RH: Thank you Dan for taking the time to do an interview with us! For our readers that aren’t every familiar with your art. Can you please tell them about?
My current work deals primarily with old pinball machine parts and some arcade and slots items. A lot of the items are lit wall hangings. I mostly use LEDs to prevent heat damage to the pinball parts. I’ve started making some furniture out of pinball cabinets. Currently I have a coffee table, a cocktail table, and a martini bar complete with a disco light.
RH: How did you decide that you wanted to take dead pinball machines apart to create something new?
A few years ago I started with jewelry. I made earrings from pinball lamp bulbs and arcade tokens. But it really evolved from accumulating a bunch of dead pinball machines. I bought a local pinball machine off of Craigslist. It was beyond repair and pretty beat up. I gutted it and started seeing real beauty in the parts. There are these huge Bakelite plates with copper contacts in a circle. I realized this would make a great clock.
RH: Is there any part of the pinball machine that is your favorite to use?
The playfield is the most versatile part. But deciding how and where to cut- what you’ll lose by cutting the best parts out, is difficult to decide. And obtaining playfields in this condition are far and few between. I have a supplier that I meet up with once a year, so I load the truck to the top if I can.
RH: Are there any parts of the pinball machine that you’re just unable to use?
Very little, actually. I keep almost everything. Some really rusted parts I may just pitch in the trash because it’s not worth the electricity of running a polisher for hours.
RH: Have you made a piece that you love so much you just can’t part with it?
Yes. I have a few in the house, mostly the earlier works. And I’ve sold some that I kind of wished I hadn’t. Same with pinball machines. I’d probably pay twice as much as I sold it for to get my first machine, Joker Poker, back.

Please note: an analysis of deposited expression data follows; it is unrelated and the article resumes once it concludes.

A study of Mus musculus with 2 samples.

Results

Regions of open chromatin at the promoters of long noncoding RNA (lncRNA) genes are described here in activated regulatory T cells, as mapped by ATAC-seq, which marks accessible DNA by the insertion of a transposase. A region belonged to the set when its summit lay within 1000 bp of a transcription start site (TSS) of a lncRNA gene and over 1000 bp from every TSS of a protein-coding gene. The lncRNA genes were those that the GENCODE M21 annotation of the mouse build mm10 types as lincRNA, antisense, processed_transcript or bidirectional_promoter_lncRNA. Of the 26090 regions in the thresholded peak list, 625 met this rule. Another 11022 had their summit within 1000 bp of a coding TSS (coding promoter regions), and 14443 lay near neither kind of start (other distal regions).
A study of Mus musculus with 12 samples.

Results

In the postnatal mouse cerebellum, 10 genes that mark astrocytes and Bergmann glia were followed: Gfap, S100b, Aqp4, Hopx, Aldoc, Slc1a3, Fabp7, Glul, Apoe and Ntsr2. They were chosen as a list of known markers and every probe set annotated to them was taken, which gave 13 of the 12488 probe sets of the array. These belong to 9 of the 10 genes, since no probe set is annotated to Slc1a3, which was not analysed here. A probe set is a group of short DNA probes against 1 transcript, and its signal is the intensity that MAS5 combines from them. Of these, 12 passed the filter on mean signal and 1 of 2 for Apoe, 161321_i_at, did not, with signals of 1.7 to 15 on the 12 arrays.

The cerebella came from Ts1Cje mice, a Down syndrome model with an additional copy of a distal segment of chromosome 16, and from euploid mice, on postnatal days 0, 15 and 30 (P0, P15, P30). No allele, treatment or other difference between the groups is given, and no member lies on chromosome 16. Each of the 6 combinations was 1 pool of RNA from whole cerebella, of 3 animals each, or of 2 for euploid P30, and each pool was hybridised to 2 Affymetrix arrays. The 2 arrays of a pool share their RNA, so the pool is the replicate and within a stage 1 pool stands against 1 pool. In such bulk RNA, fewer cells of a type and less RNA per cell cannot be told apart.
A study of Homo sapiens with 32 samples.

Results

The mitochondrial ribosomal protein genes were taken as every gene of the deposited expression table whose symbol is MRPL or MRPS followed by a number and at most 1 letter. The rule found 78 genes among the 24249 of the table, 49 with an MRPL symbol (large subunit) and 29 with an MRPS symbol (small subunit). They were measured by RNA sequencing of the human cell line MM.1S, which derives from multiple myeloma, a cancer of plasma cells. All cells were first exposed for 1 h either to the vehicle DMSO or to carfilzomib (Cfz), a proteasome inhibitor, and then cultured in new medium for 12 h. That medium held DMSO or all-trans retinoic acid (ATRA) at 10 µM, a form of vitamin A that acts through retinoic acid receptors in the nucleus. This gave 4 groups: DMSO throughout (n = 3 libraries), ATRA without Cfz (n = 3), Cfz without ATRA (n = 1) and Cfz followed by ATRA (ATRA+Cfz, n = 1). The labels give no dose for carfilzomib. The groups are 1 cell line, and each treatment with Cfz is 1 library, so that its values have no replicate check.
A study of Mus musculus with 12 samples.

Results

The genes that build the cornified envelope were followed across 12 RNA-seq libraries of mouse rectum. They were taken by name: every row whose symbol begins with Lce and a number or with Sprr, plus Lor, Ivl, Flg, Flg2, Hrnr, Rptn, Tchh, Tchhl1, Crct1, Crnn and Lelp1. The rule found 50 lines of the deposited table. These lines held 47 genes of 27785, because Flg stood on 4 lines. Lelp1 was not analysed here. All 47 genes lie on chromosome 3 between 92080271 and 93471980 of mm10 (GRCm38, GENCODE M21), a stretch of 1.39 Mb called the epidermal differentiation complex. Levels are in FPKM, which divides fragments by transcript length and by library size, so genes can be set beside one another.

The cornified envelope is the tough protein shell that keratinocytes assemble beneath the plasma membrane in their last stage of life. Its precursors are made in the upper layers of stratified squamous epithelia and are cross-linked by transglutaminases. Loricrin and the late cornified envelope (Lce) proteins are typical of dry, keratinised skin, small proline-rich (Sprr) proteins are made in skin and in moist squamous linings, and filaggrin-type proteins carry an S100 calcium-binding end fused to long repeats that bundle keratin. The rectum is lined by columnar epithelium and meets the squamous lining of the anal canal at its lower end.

RH: You have a show coming up next month. Can you tell us a bit about the show?
My show is titled, “Tiltcycle: A Pinball Revival”. It’ll be my first solo show in over 10 years. It’s located at Studio 2091 Mothersbaugh, 2091 Front Street, Cuyahoga Falls, Ohio 44221 (just outside Akron, OH). I got my start in the Akron/Cleveland area and there’s a great art community there.
I will have a lot of lighted pieces, all the furniture and barware. I am also debuting my Lion’s Den Pinball Collection which is a series of 10 pinball machine silhouettes on wood. They vary in media and theme and all have a promotional backstory. From a steampunk-themed machine to a hockey themed machine, they all comprise the pinball collection I wish I had. Lion’s Den being the name of my collection. I am a Daniel by birth so-
RH: I saw on Tiltcycle that you also make amazing bird house. Do you look for certain items when you’re working on a bird house?
There’s a kickout hole that just so happens to be the perfect size for a House Wren. I targeted that bird since it’s the most prevalent bird in North America. I like to use at least 2 different playfields for each bird house and a variety of playfield plastics to cover the holes from the playfield parts.
RH: What are some of the technical aspects of taking a pinball machine apart for your art?
Stripping down playfields takes quite a bit of time. Most of the playfields I get still have all the lighting lamp bases screwed into the wood along with a network of ground wire stapled into the wood. I have to remove all of this and sand it to ensure it cuts straight and there is no danger to the birds.
RH: Again thank you Dan. Is there anything else you would like to add?
I am working on arcade marquee collage lamps in the coming months. My first one will be a part Ms. Pacman/part Sweet Shawnee slot machine. I’m very excited about that. I’d also like to thank you for the interview.